Saturday, February 28, 2009

Hola, chica! Que tal?

Yesterday was my first class of Basic Spanish at the Instituto Cervantes Manila. A long time ago I made a pact with a friend that every year, as part of a conscious self-improvement program, we'd make sure to learn a new skill or do something outside of our comfort zones, something new or adventurous that will surely enrich us as persons. This is why last year I purposely studied Japanese and took and passed the Japanese Language Proficiency Test Level 3 the same year.

Although I plan to continue studying Japanese in the future, this year I'm setting my eyes on learning this supposedly third most widely-spoken language in the world, next to Mandarin, Hindi or English, depending on who's doing the counting. My first experience with Spanish was with my very strict and stern but loving grandfather on my mother's side who passed away a little less than a decade ago. His name was Restituto Magistrado. But to us kids, we all lovingly called him Apay, a filial term for grandfather in Bicol where I grew up.

I carry Apay's last name of course which is also my mother's maiden name. It means magistrate in English. According to my Spanglish dictionary, Restituto may come from the noun restitucion, which means return or the verb restituir, which means to come back. So my grandfather's name, in English roughly means, the returning magistrate.

It's only now that I realize that my grandfather's name was indeed his destiny. Well, in a roundabout kind of way. Apay was no officer of the court but he was certainly magisterial. He ruled over our extended family household (which included our family, my mother's sister's family, a handful of my mother's other siblings and my grandparents, of course) like a dictator of a little kingdom.

Growing up, we were taught that our grandfather's word was the law. Whatever he said or commanded, we could only dutifully follow. In our household, everybody lived in fear of displeasing Apay. This was because he was also a little heavy-handed. He would slap you, bop you on the head or punch you depending on the severity of the crime you committed in his eyes. Although I witnessed it rarely growing up, still I did see my grandfather hit members of our family who to him were guilty of various infractions. It could be not beating the curfew that he set, not doing what he asked you to do fast enough, answering back, being disrespectful or disobedient, etc. And always always he would curse you in Spanish. He would say "Sin verguenza!" (literally, no shame) or "De puta" (whorish) or "Cabron!" (shameless).

My grandfather was an old-school household disciplinarian and one of the things we feared most in his bag of punishment tricks was the bugtong. Literally, it was THE stick. In fact it was a kind of stick made of very slender bamboo. It was different from a cane because it was slimmer and shorter but it was used for the same purpose: to whip or flog you senseless. We all feared it growing up because it drew blood and made serious welts on the skin that scarred. In my entire life, I saw my grandfather use it only twice, once on my brother and another time on an older male cousin who my father accused of stepping on his freshly made cement.But those two times were enough to instill fear of that stick in me. I never ever wanted to be beaten with it.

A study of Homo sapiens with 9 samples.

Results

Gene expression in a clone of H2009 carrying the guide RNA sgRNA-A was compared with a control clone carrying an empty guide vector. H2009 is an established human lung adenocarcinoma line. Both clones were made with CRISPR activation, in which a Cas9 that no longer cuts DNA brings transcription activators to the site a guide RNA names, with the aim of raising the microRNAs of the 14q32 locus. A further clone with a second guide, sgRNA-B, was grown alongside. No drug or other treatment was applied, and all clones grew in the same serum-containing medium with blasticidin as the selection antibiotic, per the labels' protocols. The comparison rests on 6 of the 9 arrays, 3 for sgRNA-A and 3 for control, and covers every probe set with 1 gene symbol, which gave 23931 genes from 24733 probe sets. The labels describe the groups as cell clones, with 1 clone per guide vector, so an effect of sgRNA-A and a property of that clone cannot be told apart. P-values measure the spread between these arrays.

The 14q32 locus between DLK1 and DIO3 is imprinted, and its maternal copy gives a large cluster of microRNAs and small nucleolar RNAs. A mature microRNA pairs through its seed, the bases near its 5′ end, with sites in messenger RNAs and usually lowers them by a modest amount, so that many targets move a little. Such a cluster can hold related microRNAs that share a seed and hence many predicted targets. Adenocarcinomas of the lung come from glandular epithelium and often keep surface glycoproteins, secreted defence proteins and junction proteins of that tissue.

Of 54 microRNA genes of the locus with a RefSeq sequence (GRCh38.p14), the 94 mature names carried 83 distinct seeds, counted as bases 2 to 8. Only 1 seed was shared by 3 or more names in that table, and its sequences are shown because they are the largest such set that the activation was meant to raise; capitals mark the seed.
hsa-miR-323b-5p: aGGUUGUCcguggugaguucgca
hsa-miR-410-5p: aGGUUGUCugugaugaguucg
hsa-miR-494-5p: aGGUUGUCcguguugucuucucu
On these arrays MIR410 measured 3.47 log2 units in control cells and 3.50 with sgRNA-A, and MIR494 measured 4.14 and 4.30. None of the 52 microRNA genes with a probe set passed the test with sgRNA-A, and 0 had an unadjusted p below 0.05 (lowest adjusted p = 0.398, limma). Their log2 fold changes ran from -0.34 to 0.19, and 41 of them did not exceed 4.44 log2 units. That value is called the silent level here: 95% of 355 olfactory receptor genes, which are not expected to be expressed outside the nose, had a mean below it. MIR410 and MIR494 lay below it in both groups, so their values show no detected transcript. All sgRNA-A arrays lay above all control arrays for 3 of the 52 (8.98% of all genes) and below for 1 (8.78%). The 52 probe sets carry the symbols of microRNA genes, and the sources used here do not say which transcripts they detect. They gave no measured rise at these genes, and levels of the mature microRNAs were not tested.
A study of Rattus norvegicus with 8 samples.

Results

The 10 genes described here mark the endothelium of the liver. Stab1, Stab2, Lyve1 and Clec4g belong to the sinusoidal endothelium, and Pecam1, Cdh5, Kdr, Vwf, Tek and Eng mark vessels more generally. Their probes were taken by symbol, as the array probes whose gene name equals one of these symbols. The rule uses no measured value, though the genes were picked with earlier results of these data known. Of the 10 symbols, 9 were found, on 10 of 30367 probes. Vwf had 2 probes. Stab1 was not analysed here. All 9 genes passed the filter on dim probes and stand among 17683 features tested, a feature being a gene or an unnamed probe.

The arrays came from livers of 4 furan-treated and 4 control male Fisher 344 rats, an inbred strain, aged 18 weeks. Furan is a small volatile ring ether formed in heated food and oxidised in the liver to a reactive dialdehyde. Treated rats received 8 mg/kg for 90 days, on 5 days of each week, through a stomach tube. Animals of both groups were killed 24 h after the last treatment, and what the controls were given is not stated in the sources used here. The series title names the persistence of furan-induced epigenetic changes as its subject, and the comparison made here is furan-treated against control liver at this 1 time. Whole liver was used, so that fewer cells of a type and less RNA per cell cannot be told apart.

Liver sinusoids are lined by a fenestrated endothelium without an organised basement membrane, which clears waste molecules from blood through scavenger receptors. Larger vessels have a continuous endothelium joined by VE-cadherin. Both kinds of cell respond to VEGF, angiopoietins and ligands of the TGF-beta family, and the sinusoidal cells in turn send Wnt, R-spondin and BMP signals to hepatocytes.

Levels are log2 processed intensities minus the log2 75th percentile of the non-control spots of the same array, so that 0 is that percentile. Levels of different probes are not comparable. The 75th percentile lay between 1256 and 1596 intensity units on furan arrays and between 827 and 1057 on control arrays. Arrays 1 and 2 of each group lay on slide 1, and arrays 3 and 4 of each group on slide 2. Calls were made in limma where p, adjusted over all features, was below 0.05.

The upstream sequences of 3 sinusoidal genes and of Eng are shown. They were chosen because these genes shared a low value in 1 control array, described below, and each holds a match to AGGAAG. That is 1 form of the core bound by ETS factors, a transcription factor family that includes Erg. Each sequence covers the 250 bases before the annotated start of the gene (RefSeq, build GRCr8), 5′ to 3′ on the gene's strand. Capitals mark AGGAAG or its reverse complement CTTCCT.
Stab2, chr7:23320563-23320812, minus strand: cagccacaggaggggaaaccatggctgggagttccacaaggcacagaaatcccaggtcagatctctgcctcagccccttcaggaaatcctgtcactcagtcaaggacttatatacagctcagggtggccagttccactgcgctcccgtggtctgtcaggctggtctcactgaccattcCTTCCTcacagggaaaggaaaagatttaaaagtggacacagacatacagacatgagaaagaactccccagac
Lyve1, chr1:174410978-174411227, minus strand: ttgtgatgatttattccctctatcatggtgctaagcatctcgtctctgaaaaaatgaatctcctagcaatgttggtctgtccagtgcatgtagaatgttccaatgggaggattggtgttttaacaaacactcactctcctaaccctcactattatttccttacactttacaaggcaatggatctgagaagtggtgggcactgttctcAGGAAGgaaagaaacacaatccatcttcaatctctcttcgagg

Of course I have fonder memories of Apay. I remember how, when I was 5 or 6, he would bring me to school in his bicycle and then pick me up after. He did it five times a week for a year until I became too heavy for him to carry on his bike. I also remember how proud we made him feel during the annual awarding of Honors that our Catholic school held each year before the end of the school year. My older brother and sister, including my cousins, and I all went to the same school and during the awarding ceremonies, our parents would ask our grandfather to be the one to pin our medals instead. My grandfather obviously relished this routine every year because all of us kids did well in school and always bagged all the awards. My grandfather took pride in getting up the stage the most times compared to the other adults present during the ceremony.

Finally, my fondest memory of him was watching him get ready for work, travel, an event or special occasion. This involved him shaving and "prettyfying" himself. It was an art and science all together because the whole ritual required him to start from sharpening his shaving razor to ending in his combing pomade on his hair using a finely-toothed comb. Apay took this ritual very seriously and would usually take an hour or more depending on his mood. What I remember most from this was the music.

Before he began, he would first put on records by the Los Panchos, a world-famous trio. He would then take out his paraphernalia of shaving razor, shaving cream, a brush, pomade, water and comb and start getting ready humming or singing along songs like Besame Mucho or Quizas, Quizas, Quizas. All of us his grand kids used to watch him do this on mid-afternoons when we were home and had nothing else to do. Sometimes when he was in a particularly good mood, he'd grab one of the girls and dance her around the room. He would twirl her around with shaving cream on his face and everybody would squeal and clap in utter delight.

I remember my grandfather now as I look forward to studying Spanish. Although I am not entirely sure if he did speak it, I thank him for bringing it close to my heart.